Sergio Corbucci’s Django is one of the greatest spaghetti westerns of all time. Only the Man With No Name trilogy and a select few others are even in the same league. It is also rumored to have spawned somewhere between thirty to one hundred unofficial sequels depending on who you believe. Seriously, everyone is up on the Django train, and in 2007, Japan’s reigning auteur of violence, Takeshi Miike, climbed aboard with Sukiyaki Western Django.
Miike is most known for, and his best movies are, his blood-drenched crime epics, like Ichi the Killer and the Dead or Alive trilogy, and his horror/suspense movies, like Audition. He also has a tendency to go slightly bat shit fucking crazy, and the end result is a movie like The Happiness of the Katakuris, a sort of surrealist horror comedy musical with claymation.
Spaghetti westerns as an institution are an interesting proposition. They are the reimagining of the myth of the American West through the eyes of a foreign consciousness, taking a piece of Americana, something already wildly romanticized and largely fictional, and then translating and recontextualizing it to fit into another framework. Sukiyaki Western Django does this one better. Not only is this a reimagining of the myth of the American West, but it is a reimagining of the myth of the American West that has already been filtered through the Italian consciousness, and which is in turn run through the gaze of a wing-nut Japanese hipster. Miike tries to connect the Italian image of the ultraviolent American frontier with Japan’s feudal history and the culture of the samurai.
There are a lot of things I want to like about this movie. The prologue is a nod to the panoramic, Monument Valley, Technicolor films of John Ford, the ones where every color brilliantly contrasts with every other color; there are star crossed lovers; betrayal and vengeance; and the overall level of violence that we have come to expect from Miike’s films. I want to like Sukiyaki Western Django, but it falls incredibly flat.
The story is bland, spaghetti western fare. A stranger comes into a town where two factions battle over treasure. There was a couple, one from each clan, who tried to buck the system and marry, only the man is betrayed and murdered, and the woman falls into an alcoholic stupor while waiting to exact revenge. There is some shooting, some double-crossing, you get the picture.
The biggest problem with the story is not that it is uninspired, the problem it is that it is unfocused. There is no discernable protagonist. In theory, the black clad stranger is the primary locus of the story, that’s how the formula goes. But here the narrative bounces around from one character to another. Is this the history of the twos warring families? Is this the search for treasure? Is this the story of doomed lovers? It tries to tell a wide array of stories, only to fail to tell any of them entirely. You never fully care about any of the characters or their ultimate fates.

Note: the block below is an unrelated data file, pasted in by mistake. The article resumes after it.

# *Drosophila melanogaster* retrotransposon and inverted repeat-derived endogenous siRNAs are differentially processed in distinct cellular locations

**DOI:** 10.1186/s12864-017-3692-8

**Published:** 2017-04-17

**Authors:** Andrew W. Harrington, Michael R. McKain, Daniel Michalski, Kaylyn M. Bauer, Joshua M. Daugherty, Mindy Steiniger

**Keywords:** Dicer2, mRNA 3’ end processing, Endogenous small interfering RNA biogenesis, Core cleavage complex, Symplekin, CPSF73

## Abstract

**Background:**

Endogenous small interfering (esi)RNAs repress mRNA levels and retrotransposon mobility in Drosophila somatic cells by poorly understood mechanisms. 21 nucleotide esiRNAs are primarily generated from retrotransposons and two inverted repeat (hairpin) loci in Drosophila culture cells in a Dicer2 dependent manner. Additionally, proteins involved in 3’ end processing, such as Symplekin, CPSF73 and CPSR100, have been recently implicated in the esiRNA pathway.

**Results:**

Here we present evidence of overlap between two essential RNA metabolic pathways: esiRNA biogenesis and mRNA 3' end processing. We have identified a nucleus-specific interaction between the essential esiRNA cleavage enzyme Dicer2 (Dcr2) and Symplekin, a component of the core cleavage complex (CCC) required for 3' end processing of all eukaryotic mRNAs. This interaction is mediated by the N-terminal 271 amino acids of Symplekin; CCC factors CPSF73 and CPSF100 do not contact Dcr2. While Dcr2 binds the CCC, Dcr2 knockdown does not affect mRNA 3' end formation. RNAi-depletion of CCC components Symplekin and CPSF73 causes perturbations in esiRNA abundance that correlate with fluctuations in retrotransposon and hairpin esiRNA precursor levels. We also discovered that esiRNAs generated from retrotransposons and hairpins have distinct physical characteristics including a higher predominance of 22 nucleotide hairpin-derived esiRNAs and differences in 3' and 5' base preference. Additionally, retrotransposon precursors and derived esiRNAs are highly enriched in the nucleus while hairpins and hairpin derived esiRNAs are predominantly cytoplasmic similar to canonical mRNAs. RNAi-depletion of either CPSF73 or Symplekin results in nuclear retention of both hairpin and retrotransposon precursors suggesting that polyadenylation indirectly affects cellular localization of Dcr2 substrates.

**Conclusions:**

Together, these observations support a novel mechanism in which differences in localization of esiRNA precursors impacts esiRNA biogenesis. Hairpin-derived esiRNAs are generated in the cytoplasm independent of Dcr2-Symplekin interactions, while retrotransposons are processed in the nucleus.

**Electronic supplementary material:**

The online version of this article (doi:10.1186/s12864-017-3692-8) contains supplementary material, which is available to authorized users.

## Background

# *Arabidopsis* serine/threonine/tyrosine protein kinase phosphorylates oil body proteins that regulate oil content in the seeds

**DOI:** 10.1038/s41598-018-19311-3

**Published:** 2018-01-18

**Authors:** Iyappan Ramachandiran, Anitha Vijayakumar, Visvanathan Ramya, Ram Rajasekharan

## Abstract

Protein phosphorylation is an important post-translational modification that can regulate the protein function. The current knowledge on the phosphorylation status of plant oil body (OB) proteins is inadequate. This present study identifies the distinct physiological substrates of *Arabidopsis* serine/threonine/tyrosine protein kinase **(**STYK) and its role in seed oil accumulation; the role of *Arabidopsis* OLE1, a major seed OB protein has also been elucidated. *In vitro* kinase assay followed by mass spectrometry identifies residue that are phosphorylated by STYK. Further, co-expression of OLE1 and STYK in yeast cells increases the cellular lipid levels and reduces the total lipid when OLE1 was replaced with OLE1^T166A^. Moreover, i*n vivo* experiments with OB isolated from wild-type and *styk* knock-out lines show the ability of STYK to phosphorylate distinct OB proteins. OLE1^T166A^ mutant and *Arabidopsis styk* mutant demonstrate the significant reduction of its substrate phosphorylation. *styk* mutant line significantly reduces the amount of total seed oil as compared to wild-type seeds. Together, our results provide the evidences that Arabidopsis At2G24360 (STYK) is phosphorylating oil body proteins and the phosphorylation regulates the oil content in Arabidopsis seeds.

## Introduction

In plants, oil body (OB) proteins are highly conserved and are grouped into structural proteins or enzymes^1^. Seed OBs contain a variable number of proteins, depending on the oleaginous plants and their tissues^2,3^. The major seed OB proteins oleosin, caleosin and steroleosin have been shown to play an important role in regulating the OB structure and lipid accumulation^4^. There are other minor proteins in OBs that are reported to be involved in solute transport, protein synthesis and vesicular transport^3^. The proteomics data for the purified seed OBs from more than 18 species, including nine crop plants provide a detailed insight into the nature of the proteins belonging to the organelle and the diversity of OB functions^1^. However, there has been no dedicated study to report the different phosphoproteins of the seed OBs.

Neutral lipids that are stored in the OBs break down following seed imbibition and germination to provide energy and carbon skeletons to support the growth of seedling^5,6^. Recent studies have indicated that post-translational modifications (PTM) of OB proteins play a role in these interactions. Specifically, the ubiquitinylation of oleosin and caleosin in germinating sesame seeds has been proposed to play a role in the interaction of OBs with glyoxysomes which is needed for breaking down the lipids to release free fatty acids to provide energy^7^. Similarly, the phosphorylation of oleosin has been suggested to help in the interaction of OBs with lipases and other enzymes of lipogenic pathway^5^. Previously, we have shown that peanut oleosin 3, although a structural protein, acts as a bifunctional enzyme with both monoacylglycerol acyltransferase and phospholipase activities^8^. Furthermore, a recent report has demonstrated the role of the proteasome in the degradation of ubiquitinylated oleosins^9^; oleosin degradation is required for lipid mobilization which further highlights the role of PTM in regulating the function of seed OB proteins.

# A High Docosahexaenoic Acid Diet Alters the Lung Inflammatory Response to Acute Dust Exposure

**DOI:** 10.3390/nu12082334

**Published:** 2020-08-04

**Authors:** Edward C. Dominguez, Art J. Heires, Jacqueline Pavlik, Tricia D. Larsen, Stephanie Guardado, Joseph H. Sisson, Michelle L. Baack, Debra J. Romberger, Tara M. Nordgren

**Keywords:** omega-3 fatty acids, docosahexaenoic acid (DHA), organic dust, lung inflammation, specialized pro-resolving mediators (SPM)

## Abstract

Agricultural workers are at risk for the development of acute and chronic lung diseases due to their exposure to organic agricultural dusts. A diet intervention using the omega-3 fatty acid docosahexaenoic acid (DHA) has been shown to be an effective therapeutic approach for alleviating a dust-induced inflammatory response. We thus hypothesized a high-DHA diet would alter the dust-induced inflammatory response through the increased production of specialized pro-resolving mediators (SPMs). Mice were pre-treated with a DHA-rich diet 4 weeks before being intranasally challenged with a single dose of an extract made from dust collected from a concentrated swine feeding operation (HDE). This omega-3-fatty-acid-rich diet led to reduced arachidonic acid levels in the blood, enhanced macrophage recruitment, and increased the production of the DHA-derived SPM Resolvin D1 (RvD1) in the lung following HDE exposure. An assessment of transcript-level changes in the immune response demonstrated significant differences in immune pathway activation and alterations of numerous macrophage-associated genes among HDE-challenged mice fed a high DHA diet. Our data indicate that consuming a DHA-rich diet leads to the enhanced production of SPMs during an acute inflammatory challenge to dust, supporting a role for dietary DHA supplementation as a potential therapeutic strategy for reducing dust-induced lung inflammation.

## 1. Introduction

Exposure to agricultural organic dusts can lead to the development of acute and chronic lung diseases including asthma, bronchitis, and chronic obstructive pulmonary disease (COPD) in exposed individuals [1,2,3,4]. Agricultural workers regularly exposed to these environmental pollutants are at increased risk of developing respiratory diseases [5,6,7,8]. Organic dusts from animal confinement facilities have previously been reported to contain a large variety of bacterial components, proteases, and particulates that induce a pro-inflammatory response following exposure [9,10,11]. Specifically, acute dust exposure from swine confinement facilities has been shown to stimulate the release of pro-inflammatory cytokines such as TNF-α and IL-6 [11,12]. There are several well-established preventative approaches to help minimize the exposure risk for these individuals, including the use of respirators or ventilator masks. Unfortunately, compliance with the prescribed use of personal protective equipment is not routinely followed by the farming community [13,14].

In the most successful spaghetti westerns, The Great Silence, the original Django, and The Man With No Name movies, there is a strong central character, and through that perspective, you learn what you need to about the world. That single consciousness filters the periphery. In A Fistful of Dollars we learn the plight of Marisol, but we learn it through Clint Eastwood’s character. His story is the primary concern, everything else is secondary, and you only learn about the rest as it relates to him. In Sukiyaki Western Django, however, each of these storylines is given equal weight, and the film suffers for it.
And for as many guns that fire in this movie, the result is surprisingly dull. I spent long sections of the film waiting for them to get on with it. The pacing is wildly uneven, and there is a lot of attention paid to things that don’t ever play a role of much importance.
So, this is a Japanese movie, in English. And I don’t mean that it is dubbed or subtitled. In a movie populated exclusively by Japanese actors (with one exception), everyone speaks English. It is really distracting, and at times off-putting. Some of the actors speak fluidly, but many of them sound like they are simply saying syllables, like they learned their lines phonetically. This leads to awkward, stumbling dialogue, and jarring moments that take away from the movie. Quentin Tarantino (when will people learn not to put him onscreen?) even does his lines in an accent, as if he was a natural Japanese speaker who learned to speak English. It is a really strange decision. Subtitles, or even dubbing, would work much better.
Sukiyaki Western Django seems like a good idea, but it isn’t. It doesn’t work as a spaghetti western, and it never quite gets to the level of frenetic chaos that it wants to achieve, which could have saved the movie. When I saw the guy with the lip ring and afro, and the mob of bad guys with dyed red bangs, I anticipated some seriously nutty shit. What I got instead was meh, M-E-H, meh.